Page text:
Superconductivity is a macroscopic quantum state characterized by the disappearance of electrical resistance in materials at extremely low temperatures. Electrical currents can therefore flow through it without a constant drive being present. This is a promising property, especially for energy transmission. Because superconductivity generates very large magnetic fields, it is already being used in Magnetic Resonance Imaging (MRI) scanners. Superconductivity also plays an important role in the race to develop quantum computers.
The physical processes behind it, however, are difficult for non-physicists to grasp. Stefan Kaiser, professor of Ultrafast Solid State Physics and Photonics at TU Dresden, describes the phenomenon as a “fascinating but physically complex problem.” His research area of high-temperature superconductors, in particular, initially seems rather odd to people unfamiliar with the subject.
Kaiser himself is fascinated by the complex field of science, the many unsolved questions and, above all, the great potential of these materials. “To understand superconductors, you have to understand how electrons combine at very low temperatures to form so-called “Cooper pairs” as superconducting charge carriers. In quantum mechanics, we can describe the totality of all these Cooper pairs by a wave function. However, to completely characterize this “wave”, we have had to use many indirect methods in which Cooper pairs are broken back into electrons. In the “T-Higgs” project, we are now using terahertz lasers to specifically induce the natural oscillations of this “wave”, the so-called Higgs oscillations. From the way the “wave” oscillates, we can now directly measure the properties of the superconductor with our new spectroscopy and thus gain a deeper understanding of how the superconductor behaves,” Kaiser explains.
For this ambitious project, the physicist received the ERC Consolidator Grant from the European Research Council with a total volume of over two million euros for five years. The funding is part of the EU’s Horizon Europe program.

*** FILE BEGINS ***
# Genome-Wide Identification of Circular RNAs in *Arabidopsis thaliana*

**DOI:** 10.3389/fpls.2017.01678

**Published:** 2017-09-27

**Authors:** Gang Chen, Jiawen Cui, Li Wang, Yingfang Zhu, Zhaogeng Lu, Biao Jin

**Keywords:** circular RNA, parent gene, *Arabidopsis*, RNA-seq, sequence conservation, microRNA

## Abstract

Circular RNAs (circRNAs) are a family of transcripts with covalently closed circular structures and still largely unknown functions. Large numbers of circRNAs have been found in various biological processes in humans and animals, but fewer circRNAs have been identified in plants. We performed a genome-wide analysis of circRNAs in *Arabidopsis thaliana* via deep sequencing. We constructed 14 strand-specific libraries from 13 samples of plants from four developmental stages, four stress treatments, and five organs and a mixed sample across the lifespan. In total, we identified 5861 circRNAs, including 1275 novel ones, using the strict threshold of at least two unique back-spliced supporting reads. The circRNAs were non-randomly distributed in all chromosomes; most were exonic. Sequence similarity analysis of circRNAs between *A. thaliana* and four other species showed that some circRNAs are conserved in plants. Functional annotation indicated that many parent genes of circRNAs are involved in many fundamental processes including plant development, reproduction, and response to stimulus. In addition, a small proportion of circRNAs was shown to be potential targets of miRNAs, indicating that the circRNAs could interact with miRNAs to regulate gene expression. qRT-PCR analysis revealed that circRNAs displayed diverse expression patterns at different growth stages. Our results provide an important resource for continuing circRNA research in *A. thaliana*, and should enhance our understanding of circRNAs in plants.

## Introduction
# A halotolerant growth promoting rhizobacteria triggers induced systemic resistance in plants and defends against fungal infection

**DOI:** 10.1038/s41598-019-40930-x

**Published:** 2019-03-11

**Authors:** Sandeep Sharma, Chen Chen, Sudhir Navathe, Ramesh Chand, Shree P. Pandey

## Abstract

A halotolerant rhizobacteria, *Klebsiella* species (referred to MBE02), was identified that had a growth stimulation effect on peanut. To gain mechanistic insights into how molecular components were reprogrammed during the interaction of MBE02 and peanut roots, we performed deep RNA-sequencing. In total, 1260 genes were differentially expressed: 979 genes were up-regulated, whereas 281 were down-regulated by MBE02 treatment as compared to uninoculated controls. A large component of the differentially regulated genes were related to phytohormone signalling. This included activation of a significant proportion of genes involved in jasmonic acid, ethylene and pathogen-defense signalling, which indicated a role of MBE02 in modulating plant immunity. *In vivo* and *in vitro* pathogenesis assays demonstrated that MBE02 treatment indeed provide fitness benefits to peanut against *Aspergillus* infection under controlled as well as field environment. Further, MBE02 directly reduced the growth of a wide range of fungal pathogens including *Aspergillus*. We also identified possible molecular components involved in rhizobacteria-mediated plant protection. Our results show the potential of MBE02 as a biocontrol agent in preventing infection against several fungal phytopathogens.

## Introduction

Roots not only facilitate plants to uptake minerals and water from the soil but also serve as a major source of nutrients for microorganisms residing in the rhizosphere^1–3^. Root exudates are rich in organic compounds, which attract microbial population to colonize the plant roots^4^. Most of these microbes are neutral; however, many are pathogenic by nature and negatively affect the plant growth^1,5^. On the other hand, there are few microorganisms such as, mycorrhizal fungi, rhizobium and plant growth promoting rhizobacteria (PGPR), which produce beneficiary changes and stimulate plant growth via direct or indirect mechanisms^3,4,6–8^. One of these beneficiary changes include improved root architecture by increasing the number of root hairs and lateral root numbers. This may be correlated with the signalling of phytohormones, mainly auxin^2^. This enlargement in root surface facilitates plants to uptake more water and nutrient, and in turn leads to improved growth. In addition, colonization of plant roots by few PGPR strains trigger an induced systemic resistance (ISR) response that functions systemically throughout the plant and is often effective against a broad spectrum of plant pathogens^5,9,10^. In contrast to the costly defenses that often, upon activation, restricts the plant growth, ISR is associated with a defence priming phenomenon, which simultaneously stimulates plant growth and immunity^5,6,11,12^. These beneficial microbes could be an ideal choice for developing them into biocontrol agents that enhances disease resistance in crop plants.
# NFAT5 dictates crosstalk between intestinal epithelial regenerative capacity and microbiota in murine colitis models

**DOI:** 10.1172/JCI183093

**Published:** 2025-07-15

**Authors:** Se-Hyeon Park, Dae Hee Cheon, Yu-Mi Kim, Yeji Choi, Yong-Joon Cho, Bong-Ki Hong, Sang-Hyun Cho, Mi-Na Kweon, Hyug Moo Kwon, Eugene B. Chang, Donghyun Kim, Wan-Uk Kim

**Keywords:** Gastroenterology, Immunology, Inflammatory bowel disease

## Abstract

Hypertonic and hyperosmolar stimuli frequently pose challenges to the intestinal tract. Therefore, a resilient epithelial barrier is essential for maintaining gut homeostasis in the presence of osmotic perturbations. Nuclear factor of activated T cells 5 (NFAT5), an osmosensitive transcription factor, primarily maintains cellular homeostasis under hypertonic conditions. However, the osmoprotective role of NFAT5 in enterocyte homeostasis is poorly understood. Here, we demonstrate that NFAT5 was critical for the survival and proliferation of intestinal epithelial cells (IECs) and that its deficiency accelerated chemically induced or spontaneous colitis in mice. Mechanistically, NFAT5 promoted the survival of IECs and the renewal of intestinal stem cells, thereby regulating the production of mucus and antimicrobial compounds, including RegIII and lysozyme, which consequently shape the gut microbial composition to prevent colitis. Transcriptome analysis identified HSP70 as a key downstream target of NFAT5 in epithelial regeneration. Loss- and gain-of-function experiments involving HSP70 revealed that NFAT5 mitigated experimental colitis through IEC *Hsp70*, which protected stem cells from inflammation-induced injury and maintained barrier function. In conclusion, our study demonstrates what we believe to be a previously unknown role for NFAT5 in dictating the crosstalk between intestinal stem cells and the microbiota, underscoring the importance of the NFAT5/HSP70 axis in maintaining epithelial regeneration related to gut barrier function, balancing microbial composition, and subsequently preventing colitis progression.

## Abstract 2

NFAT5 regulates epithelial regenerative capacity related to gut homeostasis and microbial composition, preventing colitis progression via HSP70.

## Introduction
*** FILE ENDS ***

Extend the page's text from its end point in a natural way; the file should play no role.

“In my career, I have been involved in many aspects of superconductivity and a significant part of my research deals in particular with optical control of superconductivity with fast ultrashort laser pulses. This includes light-induced superconductivity, which is possible for a short time even at room temperature. Here, the scientific community is now asking whether and how this light-induced non-equilibrium phenomenon is linked to superconductivity at equilibrium and how it can be characterized. The ERC grant will now allow me to develop Higgs spectroscopy as a new method and assemble a team that will answer this exciting question. We would like to establish the Higgs mode as a new criterion for superconductivity. In addition, we will apply the new Higgs spectroscopy to many important types of superconductors and also use it to directly identify and fully characterize new superconductors that are still unknown,” Kaiser explains his project plans.
The European Research Council is part of the EU’s framework program for research and innovation entitled “Horizon Europe”. It funds individual, excellent scientists. As part of the “Consolidator Grant” funding line, projects are funded with 2 million euros (plus up to another million euros for certain additional costs) over five years. 313 researchers are currently benefitting from the program, 61 of whom in Germany. Recently, further TUD researchers were able to win over the European Research Council (ERC) with their outstanding work and secure grants in various funding programs. Among them are Dr. Erika Covi from NaMLab and Prof. Michael Siewke from the Center for Regenerative Therapies Dresden (CRTD).
NaMLab researcher secures ERC Starting Grant
Technology permeates our lives and our daily routines: a multitude of smart, interconnected devices on the edge of the grid help us to perform our daily tasks. However, to meet the stringent power and memory constraints of these devices and enable them to learn and collaborate from their experiences, a radical paradigm shift beyond current Complementary Metal Oxide Semiconductor (CMOS) technology is required.
In MEMRINESS, Memristive Neurons and Synapses for Neuromorphic Edge Computing, Dr. Erika Covi and her team will exploit the physical properties of emerging memristive devices to develop neurons and synapses that provide the necessary brain-inspired primitives to create low-power, memory-efficient smart edge devices that can learn online and collaboratively. The newly developed neurons and synapses will be validated in a hardwire spiking neural network and in three collaborative scenarios of increasing complexity.
The European Research Council is supporting this groundbreaking research project at NaMLab. ERC Starting Grants support excellent researchers at the stage in their career where they are establishing their own independent research team or program. Dr. Covi will receive the five-year grant of up to €1.5 million to conduct her research.
Fighting tumors with macrophages: ERC Proof of Concept Grant for Prof. Michael Sieweke
High hopes are placed on new cell therapies to fight cancer but existing treatments are not effective for solid tumors. Prof. Michael Sieweke and his group at the Center for Regenerative Therapies Dresden (CRTD) at TU Dresden want to overcome this problem by using macrophages, specific immune cells that can infiltrate and attack solid tumors. The project was just funded by the Proof of Concept Grant from the European Research Council (ERC), a translational project that grew out of the basic research of Prof. Michael Sieweke’s ERC advanced grant aiming at rejuvenating macrophages and fighting diseases of old age, including cancer.